Western society is becoming more attuned to caring for its patients' mental health but that doesn't mean the numbers for anxiety and depression are lessening. The most recent Psychiatric Morbidity Survey revealed that some 6 million people in the UK suffer with depression or anxiety disorder.
Today is International Stress Awareness Day and, as a result, we have compiled the best methods of combating unhealthy stress. Whether it's meditation apps or helpful books, the world is becoming better equipped to support anxiety problems.
Headspace is an app that includes help for panic attacks and an audible guide on meditation. Since it's an app, stress help is available on the go and whenever you need. Interestingly, Emma Watson is quoted on the website saying: "It's an app that teaches you how to meditate. It's kind of genius."
Seeking advice and help
Whether it's a GP, family or friends, reaching out to people is necessary to getting the right support. There are numerous types of therapy but before you consider that it's a great idea to let a few close people know what's going on. They could easily have ideas on how to unload the burden or best support you.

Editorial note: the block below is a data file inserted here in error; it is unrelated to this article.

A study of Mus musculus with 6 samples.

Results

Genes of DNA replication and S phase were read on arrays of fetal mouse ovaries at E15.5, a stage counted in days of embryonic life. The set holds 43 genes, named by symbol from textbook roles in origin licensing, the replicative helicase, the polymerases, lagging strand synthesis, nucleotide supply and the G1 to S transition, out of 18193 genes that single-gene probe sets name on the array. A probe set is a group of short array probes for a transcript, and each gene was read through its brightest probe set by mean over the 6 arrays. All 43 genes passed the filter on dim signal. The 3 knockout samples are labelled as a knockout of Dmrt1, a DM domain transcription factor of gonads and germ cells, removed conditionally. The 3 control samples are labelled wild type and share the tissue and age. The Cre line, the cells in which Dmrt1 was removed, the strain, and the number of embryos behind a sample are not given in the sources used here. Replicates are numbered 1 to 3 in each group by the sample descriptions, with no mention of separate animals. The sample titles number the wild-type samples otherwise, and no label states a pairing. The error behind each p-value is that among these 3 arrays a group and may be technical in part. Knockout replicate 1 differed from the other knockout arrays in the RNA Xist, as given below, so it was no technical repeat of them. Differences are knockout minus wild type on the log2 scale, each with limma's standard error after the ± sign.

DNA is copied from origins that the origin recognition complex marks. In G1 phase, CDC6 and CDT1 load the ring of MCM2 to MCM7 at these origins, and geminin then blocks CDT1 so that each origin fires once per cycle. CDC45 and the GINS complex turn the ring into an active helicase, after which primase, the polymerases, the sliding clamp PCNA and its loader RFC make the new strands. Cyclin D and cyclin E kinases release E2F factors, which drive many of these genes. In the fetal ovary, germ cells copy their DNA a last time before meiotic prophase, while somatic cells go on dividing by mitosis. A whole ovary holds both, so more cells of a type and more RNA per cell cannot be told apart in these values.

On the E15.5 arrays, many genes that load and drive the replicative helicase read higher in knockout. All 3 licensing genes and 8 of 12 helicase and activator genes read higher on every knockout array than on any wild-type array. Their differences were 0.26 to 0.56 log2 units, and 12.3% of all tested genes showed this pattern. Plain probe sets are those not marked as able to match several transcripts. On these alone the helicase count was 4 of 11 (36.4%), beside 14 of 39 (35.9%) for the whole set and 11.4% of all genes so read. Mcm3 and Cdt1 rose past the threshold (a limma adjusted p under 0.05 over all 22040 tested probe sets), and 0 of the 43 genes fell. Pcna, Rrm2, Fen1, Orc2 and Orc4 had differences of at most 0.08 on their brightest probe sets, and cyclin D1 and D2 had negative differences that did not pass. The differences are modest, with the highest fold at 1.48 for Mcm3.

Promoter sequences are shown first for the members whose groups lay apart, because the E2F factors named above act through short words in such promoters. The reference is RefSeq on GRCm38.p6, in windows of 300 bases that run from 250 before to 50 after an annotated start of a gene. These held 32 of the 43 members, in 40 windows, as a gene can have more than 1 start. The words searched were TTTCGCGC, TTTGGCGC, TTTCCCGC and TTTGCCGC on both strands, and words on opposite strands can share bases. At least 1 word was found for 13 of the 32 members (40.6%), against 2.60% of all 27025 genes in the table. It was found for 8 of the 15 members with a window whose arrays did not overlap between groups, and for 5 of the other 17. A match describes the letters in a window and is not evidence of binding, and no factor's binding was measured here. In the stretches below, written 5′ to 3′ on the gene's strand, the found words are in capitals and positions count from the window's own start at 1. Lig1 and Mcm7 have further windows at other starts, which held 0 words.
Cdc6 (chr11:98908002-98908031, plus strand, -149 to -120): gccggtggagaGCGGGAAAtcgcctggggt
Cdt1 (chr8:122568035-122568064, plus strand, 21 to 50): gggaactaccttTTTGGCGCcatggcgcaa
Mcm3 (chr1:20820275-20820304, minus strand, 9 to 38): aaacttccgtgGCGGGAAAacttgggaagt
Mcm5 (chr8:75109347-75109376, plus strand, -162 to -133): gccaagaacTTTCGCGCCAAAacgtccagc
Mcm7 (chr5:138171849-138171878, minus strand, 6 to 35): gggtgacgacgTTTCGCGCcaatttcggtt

Exercise is common advice from health experts during a period of stress or anxiety. It might be hard to hear at the time, especially if you're too stressed to concentrate on anything else, but running, jogging or dancing (anything that tests your body physically) will instantly clear initial stress.
Under the NHS's guide to stress, it notes how here in Britain we work the longest hours in Europe meaning we don't have time to enjoy the things we would like to. As a result, fitting in the time to spend on hobbies or relaxing are really important for our mental health. It makes sense to find enjoyment in life again!
Avoiding avoidance behaviours
So 'avoidance behaviours' are anything that momentarily make you feel better but ultimately fail to tackle the root of your stress. A really common one is alcohol as it's a temporary form of relaxation that could form an unhealthy reliance. There's nothing wrong with drinking but only when it's not a coping mechanism. The NHS even describe it as putting your head in the sand as your real problems will still exist after.
Visit the NHS's or Stress Management Society's website on dealing with stress. Information on mental health has only gotten better so why not look at these informative sites dedicated to helping you feel happier and healthier?